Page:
The High Court has upheld a scheme amendment under which the rate of increase to pensions in payment was reduced from a fixed five per cent to the lower of the Limited Price Index (LPI) and five per cent.

In this case, the court had to consider the validity of an amendment made to a scheme based on standard Legal & General rules. These rules required the trustees to "forthwith declare" amendments in writing.

The main issue was whether the trustees had properly declared the amendment, because only four of the five trustees had signed the documents setting out the amendment. There was evidence the failure to get the signature of the fifth trustee was merely an omission as that trustee had been present at the meeting at which the trustees resolved to make the amendment.

Vos J considered the existing case law on amendments and meaning of pension scheme documents. In particular, he referred to a previous case, BESTrustees v. Stuart1, which involved an identical amendment power.

In BESTrustees, the issue was whether the scheme had been validly amended to close the Barber window. Some, but not all, elements of the amendment power had been met. Because no declaration had been made, the announcement was ineffective. Therefore the amendment failed.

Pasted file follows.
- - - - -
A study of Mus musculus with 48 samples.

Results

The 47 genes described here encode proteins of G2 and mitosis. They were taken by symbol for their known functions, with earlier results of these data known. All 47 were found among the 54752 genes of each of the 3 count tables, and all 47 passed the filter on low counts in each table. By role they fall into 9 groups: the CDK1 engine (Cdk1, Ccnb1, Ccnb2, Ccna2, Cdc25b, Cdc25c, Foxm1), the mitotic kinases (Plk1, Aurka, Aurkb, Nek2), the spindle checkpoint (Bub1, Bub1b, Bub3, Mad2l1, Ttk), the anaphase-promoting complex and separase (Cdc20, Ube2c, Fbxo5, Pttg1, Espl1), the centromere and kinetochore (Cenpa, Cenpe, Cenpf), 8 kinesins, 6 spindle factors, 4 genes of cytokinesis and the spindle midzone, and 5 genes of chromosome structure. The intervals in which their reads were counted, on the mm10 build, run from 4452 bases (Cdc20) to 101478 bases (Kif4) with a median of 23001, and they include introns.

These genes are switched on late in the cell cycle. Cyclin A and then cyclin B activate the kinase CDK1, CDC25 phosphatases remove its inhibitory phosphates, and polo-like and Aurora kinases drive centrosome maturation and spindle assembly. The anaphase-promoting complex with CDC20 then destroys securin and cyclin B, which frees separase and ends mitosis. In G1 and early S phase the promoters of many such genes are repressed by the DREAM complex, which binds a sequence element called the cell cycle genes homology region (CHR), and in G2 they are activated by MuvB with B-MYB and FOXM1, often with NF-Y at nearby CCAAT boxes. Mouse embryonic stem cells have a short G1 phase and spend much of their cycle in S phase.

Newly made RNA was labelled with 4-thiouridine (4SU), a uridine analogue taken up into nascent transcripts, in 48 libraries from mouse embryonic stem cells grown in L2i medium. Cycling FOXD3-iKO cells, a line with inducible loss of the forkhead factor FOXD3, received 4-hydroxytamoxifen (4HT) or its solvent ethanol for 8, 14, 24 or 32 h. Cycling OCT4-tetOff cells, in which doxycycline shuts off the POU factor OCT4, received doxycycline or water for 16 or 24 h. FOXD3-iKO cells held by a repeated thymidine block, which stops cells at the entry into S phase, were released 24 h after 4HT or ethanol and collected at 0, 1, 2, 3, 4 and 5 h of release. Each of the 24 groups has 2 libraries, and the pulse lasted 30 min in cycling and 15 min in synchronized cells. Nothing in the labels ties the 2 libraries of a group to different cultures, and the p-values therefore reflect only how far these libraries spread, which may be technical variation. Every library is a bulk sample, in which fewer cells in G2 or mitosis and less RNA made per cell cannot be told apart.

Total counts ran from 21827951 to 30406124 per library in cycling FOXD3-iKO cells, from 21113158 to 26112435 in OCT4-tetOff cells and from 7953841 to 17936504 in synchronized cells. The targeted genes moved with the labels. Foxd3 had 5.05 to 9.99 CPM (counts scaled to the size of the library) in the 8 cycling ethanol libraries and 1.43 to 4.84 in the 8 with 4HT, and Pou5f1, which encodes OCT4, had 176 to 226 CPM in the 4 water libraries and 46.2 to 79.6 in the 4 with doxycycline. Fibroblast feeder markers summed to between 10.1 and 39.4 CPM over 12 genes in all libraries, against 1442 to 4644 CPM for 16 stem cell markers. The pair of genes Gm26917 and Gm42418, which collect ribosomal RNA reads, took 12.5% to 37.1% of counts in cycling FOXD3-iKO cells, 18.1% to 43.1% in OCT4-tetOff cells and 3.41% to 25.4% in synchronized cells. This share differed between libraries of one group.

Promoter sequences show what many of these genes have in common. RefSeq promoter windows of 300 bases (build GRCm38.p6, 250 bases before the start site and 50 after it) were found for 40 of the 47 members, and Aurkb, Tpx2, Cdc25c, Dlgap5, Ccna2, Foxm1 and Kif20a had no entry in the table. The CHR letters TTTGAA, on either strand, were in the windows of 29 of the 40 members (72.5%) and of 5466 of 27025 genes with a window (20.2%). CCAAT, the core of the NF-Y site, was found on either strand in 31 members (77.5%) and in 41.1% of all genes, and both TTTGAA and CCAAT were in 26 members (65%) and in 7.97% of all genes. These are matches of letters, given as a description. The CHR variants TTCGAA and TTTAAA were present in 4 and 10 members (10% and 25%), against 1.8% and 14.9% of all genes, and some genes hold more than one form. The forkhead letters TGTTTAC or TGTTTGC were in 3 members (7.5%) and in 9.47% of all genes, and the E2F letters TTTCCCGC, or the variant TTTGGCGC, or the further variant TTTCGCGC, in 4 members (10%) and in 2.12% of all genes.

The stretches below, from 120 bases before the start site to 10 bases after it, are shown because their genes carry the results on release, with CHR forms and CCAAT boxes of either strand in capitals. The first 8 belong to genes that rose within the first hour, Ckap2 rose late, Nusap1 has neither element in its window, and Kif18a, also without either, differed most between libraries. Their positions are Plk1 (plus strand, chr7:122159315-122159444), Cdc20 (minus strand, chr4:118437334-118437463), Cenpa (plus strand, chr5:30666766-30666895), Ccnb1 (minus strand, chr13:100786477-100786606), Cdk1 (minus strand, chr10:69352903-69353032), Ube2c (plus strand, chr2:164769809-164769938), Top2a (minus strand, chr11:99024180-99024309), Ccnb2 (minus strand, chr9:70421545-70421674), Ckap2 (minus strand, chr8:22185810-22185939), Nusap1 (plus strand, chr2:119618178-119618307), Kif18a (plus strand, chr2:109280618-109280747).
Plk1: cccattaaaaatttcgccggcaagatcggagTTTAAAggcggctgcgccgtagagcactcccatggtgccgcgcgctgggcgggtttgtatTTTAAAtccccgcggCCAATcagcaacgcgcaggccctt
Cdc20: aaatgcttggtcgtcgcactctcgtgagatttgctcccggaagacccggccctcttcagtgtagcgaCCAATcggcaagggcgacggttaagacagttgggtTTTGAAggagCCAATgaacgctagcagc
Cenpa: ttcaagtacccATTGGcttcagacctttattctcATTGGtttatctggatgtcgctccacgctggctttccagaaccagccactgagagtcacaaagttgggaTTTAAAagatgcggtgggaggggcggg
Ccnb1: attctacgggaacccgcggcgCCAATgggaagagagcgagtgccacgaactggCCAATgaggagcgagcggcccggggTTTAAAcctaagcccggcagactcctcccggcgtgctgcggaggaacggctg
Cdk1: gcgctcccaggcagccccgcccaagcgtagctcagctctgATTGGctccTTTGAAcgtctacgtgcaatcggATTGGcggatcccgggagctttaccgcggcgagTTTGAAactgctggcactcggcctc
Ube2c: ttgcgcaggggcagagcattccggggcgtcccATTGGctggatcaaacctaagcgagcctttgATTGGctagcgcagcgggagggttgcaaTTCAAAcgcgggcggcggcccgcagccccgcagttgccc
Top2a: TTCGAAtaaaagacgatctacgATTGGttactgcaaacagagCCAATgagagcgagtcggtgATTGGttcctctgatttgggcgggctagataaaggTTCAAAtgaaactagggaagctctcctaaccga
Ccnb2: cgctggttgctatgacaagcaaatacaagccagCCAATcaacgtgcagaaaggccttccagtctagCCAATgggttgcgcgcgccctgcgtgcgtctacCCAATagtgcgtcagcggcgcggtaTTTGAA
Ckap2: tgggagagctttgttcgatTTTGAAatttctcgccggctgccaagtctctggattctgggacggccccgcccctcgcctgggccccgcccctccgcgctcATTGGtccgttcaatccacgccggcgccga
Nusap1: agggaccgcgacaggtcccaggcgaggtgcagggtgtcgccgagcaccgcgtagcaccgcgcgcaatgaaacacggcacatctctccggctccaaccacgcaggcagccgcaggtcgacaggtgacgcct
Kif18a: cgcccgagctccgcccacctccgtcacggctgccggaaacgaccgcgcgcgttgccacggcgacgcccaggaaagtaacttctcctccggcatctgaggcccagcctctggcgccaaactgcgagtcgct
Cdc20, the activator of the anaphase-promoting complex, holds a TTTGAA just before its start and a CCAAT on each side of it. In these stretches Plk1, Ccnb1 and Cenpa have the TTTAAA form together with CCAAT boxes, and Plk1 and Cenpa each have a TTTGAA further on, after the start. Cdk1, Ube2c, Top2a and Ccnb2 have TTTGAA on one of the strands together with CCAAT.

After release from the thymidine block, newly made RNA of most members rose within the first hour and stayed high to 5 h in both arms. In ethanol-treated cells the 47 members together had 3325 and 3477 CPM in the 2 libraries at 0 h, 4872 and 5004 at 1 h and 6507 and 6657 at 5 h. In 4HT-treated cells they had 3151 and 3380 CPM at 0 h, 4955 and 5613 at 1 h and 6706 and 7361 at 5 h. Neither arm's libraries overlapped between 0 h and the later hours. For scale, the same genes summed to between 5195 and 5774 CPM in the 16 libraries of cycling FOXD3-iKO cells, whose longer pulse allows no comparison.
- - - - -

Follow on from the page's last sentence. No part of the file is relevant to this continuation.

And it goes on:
This case is different as there had been a declaration, and all other requirements of the amendment power had been met. The only missing ingredient was one trustee's signature.

The court applied the maxim that “equity treats as done that which ought to have been done”, and upheld the amendment.

Comment

The validity of scheme amendments is a complex area. This case does not change that.

It is, however, unusual because all the requirements of the amendment power, except one signature, were present. The judge did not see this as fatal to the amendment. Instead, he applied an equitable maxim to fix the problem.

We do not believe this case marks a fundamental change to the settled case law on amendments. It is a pragmatic decision. However, the case does underline the need to observe the requirements of the power of amendment carefully. Failure to do so will simply lead to issues on the validity of the amendment that could lead to the need for a court application to resolve the matter.